We can learn much from one particular portion of Scripture in James 5. Let’s concentrate on verses 13 through 16 as we come to terms with how the Lord would have us deal with suffering and sickness.
In the classic allegory The Pilgrim’s Progress, the main character, Christian, tumbles into the miry bog, the “slough of despond,” and struggles to get free. But the heavy burden on his back pulls him in deeper, and he begins to sink.
This image pictures what it feels like when we’re sinking in difficult circumstances—when our debts outweigh our income, when past hurts won’t heal, when discontentment marks our relationships, and when the light of heaven seems distant and dim. Discouragement, despondency, pain, suffering—these miry pits along life’s journey can pull us down into our own “slough of despond.”
Christian’s rescue came by the hand of a fellow traveller named Help...and the same is true for you today. Use these resources to find healing for your own life...or to minister help to those you find along life’s journey.
Surely the One who made us is capable of healing us—no question—but can we say He is responsible for all these things? How does He heal? What does Scripture teach?
Many of us are currently enduring a crisis. Yes, crisis changes the course of our lives. But what we often forget is that the changes can open doors to a life better than what would have been if the crisis had not happened.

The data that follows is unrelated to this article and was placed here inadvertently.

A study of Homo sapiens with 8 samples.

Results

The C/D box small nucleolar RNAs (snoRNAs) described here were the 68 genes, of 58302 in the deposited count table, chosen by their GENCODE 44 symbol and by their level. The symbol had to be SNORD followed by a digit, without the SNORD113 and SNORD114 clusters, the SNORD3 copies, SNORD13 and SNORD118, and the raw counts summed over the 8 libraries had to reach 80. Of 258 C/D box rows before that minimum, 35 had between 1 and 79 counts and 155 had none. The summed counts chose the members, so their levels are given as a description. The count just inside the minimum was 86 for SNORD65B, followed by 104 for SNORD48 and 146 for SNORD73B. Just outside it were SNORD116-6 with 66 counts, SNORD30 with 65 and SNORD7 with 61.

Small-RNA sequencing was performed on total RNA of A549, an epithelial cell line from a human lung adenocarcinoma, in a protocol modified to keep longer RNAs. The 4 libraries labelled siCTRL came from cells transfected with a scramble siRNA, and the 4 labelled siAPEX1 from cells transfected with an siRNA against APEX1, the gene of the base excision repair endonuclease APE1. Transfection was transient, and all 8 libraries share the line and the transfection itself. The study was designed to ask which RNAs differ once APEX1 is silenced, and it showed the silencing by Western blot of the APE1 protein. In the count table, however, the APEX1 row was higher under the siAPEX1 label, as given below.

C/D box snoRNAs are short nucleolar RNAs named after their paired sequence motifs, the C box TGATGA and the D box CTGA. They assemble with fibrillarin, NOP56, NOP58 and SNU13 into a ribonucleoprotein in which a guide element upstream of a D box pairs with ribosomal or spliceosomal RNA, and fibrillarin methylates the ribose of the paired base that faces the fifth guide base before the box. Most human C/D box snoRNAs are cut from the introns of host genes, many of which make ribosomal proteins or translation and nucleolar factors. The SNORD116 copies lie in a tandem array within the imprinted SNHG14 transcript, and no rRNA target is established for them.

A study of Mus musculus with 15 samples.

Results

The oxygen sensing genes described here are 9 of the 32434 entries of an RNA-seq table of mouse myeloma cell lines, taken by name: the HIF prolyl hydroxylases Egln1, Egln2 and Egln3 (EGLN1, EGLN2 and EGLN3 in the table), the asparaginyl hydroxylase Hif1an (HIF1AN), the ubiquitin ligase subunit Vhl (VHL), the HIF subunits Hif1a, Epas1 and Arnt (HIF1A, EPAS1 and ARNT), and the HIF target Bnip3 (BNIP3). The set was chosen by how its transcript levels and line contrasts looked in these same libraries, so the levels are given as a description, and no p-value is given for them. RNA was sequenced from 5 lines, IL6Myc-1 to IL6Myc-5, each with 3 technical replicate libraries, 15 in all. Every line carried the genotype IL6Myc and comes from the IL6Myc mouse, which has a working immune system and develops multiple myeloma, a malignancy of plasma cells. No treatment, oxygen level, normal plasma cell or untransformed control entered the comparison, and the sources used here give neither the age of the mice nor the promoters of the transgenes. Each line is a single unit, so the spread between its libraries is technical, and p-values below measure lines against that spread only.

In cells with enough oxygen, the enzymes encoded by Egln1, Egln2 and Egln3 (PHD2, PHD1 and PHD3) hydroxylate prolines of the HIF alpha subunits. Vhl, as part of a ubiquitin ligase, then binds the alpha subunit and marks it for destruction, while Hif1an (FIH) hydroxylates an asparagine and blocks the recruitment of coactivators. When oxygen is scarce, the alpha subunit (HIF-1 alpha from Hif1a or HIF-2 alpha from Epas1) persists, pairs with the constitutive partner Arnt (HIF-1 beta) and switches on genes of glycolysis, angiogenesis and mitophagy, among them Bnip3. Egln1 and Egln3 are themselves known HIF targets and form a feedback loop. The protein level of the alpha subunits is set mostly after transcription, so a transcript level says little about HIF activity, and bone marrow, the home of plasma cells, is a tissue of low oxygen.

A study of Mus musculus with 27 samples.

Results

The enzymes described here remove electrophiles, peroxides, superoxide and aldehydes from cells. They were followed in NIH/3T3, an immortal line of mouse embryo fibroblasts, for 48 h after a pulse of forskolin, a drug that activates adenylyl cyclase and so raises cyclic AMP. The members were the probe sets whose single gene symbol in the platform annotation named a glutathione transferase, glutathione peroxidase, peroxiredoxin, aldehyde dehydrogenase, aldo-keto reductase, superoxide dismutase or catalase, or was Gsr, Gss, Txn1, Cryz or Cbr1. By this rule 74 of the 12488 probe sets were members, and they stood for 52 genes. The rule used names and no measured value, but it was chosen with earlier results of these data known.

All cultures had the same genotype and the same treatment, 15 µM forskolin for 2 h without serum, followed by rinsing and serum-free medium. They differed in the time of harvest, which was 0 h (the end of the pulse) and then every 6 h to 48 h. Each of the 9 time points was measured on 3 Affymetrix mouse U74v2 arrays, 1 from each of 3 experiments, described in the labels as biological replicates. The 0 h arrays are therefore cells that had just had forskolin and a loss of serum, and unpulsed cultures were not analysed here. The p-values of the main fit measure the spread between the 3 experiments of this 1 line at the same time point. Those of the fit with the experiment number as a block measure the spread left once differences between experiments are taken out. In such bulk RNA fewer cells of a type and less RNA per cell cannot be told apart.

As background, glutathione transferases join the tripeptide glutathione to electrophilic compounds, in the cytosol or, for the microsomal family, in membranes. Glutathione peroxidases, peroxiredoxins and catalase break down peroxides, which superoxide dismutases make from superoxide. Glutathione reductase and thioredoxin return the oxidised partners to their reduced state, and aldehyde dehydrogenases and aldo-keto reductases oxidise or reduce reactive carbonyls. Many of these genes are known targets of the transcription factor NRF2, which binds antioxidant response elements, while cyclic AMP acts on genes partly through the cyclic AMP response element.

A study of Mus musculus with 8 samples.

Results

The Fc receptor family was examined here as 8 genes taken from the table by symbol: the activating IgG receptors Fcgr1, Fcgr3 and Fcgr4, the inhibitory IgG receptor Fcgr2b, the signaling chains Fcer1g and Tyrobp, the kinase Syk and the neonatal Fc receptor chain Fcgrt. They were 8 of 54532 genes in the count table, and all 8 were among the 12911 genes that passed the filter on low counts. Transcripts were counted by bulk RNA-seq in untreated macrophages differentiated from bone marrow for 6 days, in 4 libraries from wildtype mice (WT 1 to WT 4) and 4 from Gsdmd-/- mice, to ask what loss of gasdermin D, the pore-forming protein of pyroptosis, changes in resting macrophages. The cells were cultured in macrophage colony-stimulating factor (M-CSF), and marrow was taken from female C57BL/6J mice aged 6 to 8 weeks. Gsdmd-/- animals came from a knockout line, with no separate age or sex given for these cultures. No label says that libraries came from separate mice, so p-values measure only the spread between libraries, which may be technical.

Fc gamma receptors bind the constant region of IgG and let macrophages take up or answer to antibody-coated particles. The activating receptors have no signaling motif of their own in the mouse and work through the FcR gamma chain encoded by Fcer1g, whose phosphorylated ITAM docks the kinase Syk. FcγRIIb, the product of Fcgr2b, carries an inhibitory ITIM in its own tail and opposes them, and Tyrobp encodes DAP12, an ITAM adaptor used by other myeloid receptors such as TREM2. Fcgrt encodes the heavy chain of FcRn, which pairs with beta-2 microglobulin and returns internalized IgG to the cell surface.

No one lives happily ever after on this earth, but if we cling to our faith we can be sure there will be a happy ending. Our sorrow may last for a night, but joy will come in the morning.
Never underestimate the power of your prayers. It relieves our anxiety and gives us calm assurance that God is in full control of our circumstances.
We’ve all experienced times when our prayers for healing go unanswered. But no matter what, God is in control. He heals according to His perfect timing and plan.
Having a limitation does not necessarily mean a liability. Paul illustrates five attitudes required for transforming limitations into assets and living and leading victoriously.
Pain is a part of life. And it’s in these “crucibles” our identity is shaped. Hard times are a transformative experience.
God can and does heal, Scripture makes that clear. But divine healing is something we cannot control. It happens according to God’s perfect will, in His perfect time.
Before Paul put the final period on his first letter to the Thessalonians he issued a double-edged command: “encourage…and build up one another” (1 Thessalonians 5:11). In a world more sinful than saintly, such a command is necessary because the spirit of discouragement is dangerous.